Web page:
Case study: The bankruptcy of Detroit
18th July 2013 was a dark day in Detroit, when the city government filed for bankruptcy.
An emergency manager, Kevyn Orr, had been appointed just a few months earlier, tasked with dealing with debt obligations that the local authority could not meet and restoring the financial stability of the local government.
Following his arrival, measures were taken to negotiate debt settlements, cut costs and increase revenue streams, and through high profile litigation and several mediations, the debt of Detroit was reduced from about US$18 billion to US$7 billion. The city was back to relative financial stability.
So what exactly happened? The roots of the financial collapse lie in the economic and demographic decline of the city.
Once an international centre of the motor industry, since the 1950s Detroit had gradually been losing parts of its economic activity and population (when the number of residents peaked at about 1.8 million). By the late 2000s, the financial management of the city was further hit by the declining tax base, the rising costs of retiree health care and pensions, and tax evasion (especially on taxes on real estate, which had collapsed in value). The combination of failing public services, including a crumbling infrastructure and high crime rates, and high tax rates spurred many to leave the city. By 2013, resident numbers had fallen to about 680,000.
In 2012 the city government started negotiations with the state of Michigan for financial help in exchange for more financial oversight. In early 2013, the Michigan state government took control of the city’s finances and appointed Orr, entrusting him with the power to rewrite city government contracts and liquidate the city’s assets. Orr put in place several initiatives to restore Detroit’s financial stability: urban waste collection was privatised, new investments were made in energy-saving technology for street lighting, private funding was attracted to re-open public parks and an aggressive campaign was conducted to recoup overdue water bills. Some parts of the original cost-cutting plan were harshly contested however, especially measures to reduce municipal retiree benefits.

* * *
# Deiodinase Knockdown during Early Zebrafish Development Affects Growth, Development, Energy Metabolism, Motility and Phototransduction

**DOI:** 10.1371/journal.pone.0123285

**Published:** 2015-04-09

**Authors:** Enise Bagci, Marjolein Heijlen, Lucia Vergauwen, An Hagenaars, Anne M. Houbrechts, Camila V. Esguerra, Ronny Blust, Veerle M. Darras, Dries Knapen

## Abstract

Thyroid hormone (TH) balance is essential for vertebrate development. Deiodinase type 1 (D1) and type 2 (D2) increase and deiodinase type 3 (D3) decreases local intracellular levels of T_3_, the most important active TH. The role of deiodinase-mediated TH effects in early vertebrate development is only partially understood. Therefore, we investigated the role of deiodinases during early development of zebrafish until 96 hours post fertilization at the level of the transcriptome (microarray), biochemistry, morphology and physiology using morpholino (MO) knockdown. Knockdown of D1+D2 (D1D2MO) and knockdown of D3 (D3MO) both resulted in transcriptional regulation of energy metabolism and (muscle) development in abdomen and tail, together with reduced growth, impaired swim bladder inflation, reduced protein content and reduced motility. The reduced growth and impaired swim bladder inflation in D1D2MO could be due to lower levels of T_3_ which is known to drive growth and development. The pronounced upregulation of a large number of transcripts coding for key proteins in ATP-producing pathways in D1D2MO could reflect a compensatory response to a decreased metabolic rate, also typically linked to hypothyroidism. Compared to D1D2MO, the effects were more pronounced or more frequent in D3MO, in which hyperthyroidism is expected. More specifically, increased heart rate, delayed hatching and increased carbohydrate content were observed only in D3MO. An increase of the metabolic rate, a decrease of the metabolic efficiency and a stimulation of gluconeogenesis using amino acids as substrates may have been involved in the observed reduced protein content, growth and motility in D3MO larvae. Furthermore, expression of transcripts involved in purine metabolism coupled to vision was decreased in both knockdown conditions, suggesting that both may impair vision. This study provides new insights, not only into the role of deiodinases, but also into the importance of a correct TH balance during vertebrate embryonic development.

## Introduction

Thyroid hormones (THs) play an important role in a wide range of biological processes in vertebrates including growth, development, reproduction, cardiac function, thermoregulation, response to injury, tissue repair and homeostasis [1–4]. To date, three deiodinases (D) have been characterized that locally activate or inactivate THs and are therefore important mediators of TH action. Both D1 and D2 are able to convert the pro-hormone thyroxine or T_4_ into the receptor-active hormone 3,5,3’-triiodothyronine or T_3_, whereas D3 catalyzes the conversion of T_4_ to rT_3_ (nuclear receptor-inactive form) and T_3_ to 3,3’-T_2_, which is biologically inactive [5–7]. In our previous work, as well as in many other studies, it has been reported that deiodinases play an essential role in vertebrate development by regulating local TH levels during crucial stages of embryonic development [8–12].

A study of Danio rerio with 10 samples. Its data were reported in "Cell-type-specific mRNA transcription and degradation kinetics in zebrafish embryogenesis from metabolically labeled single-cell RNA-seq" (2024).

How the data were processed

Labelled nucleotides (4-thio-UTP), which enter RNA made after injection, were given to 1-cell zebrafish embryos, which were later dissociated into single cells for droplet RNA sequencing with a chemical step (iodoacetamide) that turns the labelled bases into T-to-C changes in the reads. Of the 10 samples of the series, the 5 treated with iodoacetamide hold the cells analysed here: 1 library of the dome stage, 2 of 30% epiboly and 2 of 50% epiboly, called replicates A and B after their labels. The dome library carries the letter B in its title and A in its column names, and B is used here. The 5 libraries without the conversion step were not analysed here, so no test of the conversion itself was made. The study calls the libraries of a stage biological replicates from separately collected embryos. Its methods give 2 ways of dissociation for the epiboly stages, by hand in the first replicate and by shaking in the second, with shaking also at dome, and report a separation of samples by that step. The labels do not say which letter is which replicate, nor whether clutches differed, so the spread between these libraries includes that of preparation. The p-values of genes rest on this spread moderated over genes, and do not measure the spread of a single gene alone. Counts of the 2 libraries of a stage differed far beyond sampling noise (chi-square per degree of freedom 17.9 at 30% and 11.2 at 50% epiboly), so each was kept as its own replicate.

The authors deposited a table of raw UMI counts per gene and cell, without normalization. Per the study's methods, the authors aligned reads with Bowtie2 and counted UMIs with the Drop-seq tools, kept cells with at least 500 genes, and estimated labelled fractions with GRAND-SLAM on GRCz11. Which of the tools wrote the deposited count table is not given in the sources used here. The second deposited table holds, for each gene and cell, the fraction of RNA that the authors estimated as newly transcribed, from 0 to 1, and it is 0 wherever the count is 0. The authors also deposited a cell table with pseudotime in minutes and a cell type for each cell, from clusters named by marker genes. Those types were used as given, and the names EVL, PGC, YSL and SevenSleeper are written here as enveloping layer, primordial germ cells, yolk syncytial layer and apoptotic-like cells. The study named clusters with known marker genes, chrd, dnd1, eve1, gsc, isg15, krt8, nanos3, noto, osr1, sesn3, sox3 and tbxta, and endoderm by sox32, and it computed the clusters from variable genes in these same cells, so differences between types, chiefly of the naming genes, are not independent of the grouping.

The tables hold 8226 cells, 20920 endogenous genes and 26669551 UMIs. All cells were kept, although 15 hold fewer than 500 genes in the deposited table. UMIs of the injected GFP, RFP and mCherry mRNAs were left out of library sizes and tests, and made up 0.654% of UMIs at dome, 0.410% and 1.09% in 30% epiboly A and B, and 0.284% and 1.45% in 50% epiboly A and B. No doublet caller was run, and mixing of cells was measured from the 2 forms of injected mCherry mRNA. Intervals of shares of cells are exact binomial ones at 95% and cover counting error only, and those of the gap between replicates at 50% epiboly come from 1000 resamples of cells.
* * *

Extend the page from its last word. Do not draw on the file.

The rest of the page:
The case of Detroit’s bankruptcy can teach many lessons about dealing with over-indebtedness and tight fiscal constraints. Through targeted cutting of costs (without compromising the delivery of fundamental public services), protecting revenues, restructuring debt into longer-term maturities, renegotiating contracts and retiree benefits, and investing to attract individuals and businesses, officials were able to restore the financial stability of the city government. For Detroit, these actions helped avoid more extreme measures, for example the controversial sale of valuable collections of the Detroit Institute of Arts.